Fighting the Demons

Everyone gets depressed. I don’t say that to try and marginalize what anyone is going through, but to remind everyone that they are not alone. I know I’m depressed on a regular basis and I tend to forget that others go through the same thing. What I want to do is talk a little about some of the things I think when I’m depressed and how it can be fought. Maybe it will help me, but maybe it can help someone else too. I’d also like to talk a little about therapy for those thinking about it.

What I feel doesn’t matter. – My life isn’t fantastic, but there are some very good things in my life. So much so that when I get depressed I feel guilty for being depressed. What have I got to feel bad about? There are people out there worse off than me.
Well, that’s true, but that doesn’t mean what we feel isn’t important. Depression isn’t a mood. It’s a disease. It’s a problem that is very difficult to overcome and just because things seem ok from the outside it doesn’t mean things are ok on the inside. You have a right to feel the way you do and no one should make you feel bad for that.

Nothing is ever going to get better. – That’s a tough one to get over. When you’re depressed life seems to turn into a long dark tunnel with nothing at the end but, well, the End. The problem is that  tunnel goes both ways and it walls off the good things in your life. It makes you forget last week when you were in a good mood and had lunch with your friends. It can make you forget that you have a support group. It makes you forget that moods do actually pass. The best thing I’ve found is to remember that. Even if it seems hopeless, this WILL pass. I know everyone says it but it’s the truth. Eventually you’ll have a good day. You just need to hang on.

I want to be alone. – No you don’t. You think you do and it feels like you do, but you don’t. If you listen very closely there’s that tiny little voice telling you that being alone isn’t what you need to do. Being near people helps. It really does. Just being around my friends does wonders for my depression. It gives you a reason to not dwell on the horrible horrible things that go through your mind and it makes you act a little brighter since there are other people to consider. If you’re really lucky you can talk to those people about how you’re feeling.

What’s the point in getting help? This is who I am. – No it isn’t. Maybe you’ve been depressed so long that you don’t remember who you are and how you normally act, but depression isn’t who you are. It’s something that’s happening to you constantly and it hurts. When you’re hurting you act differently. You should find help. Friends, support groups, therapists, group therapy, medication. Whatever it takes to get you better. If you had pneumonia you’d see a doctor. This is no different. You need help and there’s nothing wrong with asking for it and getting it. I did.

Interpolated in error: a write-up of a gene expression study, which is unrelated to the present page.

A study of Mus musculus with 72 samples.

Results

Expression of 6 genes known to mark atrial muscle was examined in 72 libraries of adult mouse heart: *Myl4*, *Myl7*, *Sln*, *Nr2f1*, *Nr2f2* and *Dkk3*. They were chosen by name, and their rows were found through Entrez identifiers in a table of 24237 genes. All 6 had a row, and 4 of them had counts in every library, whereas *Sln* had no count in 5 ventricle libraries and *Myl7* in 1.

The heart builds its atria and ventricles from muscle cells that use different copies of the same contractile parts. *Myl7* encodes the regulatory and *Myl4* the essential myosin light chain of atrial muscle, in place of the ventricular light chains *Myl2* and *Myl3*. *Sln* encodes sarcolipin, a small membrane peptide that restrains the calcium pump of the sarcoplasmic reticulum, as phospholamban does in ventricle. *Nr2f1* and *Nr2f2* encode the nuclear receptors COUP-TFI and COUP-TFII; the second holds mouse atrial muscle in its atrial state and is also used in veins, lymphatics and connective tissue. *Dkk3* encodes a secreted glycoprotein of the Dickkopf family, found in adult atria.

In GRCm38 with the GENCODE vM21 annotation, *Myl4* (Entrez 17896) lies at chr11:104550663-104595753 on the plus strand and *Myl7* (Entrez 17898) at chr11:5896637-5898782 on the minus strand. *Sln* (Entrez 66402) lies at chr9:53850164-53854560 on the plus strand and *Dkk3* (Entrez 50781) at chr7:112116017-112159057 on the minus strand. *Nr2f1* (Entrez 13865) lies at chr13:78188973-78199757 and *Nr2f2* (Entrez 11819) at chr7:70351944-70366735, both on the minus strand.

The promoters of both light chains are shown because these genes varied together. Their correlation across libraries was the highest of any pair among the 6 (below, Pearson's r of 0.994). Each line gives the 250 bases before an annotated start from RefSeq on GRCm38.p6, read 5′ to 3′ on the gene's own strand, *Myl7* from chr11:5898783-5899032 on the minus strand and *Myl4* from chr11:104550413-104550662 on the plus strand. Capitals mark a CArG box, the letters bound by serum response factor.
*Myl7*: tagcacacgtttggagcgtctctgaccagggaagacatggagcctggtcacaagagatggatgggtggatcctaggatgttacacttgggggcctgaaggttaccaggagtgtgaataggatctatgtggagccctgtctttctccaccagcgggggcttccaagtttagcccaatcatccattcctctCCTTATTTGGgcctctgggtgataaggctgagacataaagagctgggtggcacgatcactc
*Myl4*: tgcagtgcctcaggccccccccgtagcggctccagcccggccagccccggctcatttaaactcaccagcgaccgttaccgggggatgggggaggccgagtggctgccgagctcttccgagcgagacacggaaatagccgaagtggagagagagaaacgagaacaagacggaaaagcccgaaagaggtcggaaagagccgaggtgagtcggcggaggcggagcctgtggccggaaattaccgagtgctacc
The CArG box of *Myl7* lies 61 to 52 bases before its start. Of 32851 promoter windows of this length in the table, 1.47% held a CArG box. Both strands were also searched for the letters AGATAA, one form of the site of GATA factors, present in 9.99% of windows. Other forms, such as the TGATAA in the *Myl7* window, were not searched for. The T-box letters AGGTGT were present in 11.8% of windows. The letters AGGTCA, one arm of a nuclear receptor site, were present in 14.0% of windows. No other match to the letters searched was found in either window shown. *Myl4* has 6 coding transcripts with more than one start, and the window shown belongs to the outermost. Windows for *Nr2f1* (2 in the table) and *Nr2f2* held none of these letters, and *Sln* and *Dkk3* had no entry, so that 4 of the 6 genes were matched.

A few bits of advice.

Let’s say you decide to find a therapist and get some help. Here are a few things to keep in mind that I’ve run across through other people.
First, don’t lie to your therapist. You’re paying to be there, they’re trying to help you, and all lyings going to do is hold back the healing process. For some reason LOTS of people I’ve met go into a therapist’s office and start lying. They admit that they lied once they’re out and can’t tell you why they did it.
Second, it’s ok to cry. No, really. Some people think when a therapist makes a patient cry they’re being a jerk. They’re not. It’s the first step toward healing. I cried in the first few sessions with my therapist and while I ended up being a blubbering wreck for a little bit I felt better afterwards than I had in years. Crying is a form of release and nothing to be ashamed up. Even if you don’t go to therapy I recommend a really good cry every now and again.
Third, find a therapist you’re comfortable with and can trust. Just because someone is a therapist doesn’t mean they should be YOUR therapist. I lucked out with Byron, but I have a friend that went through a few before he found the right one. If you aren’t comfortable with that person, you’re not going to get anything out of the sessions. You have the right to choose so exercise that right.
Fourth, see them when you need to. I don’t just mean those “Man, I need a therapist!” moments. I mean those moments where you feel like you don’t WANT to go and you feel helpless. Those are the best times to go. Therapy is a tool. It’s something to help you so use it.

Remember, you deserve to be better. We ALL deserve to be better.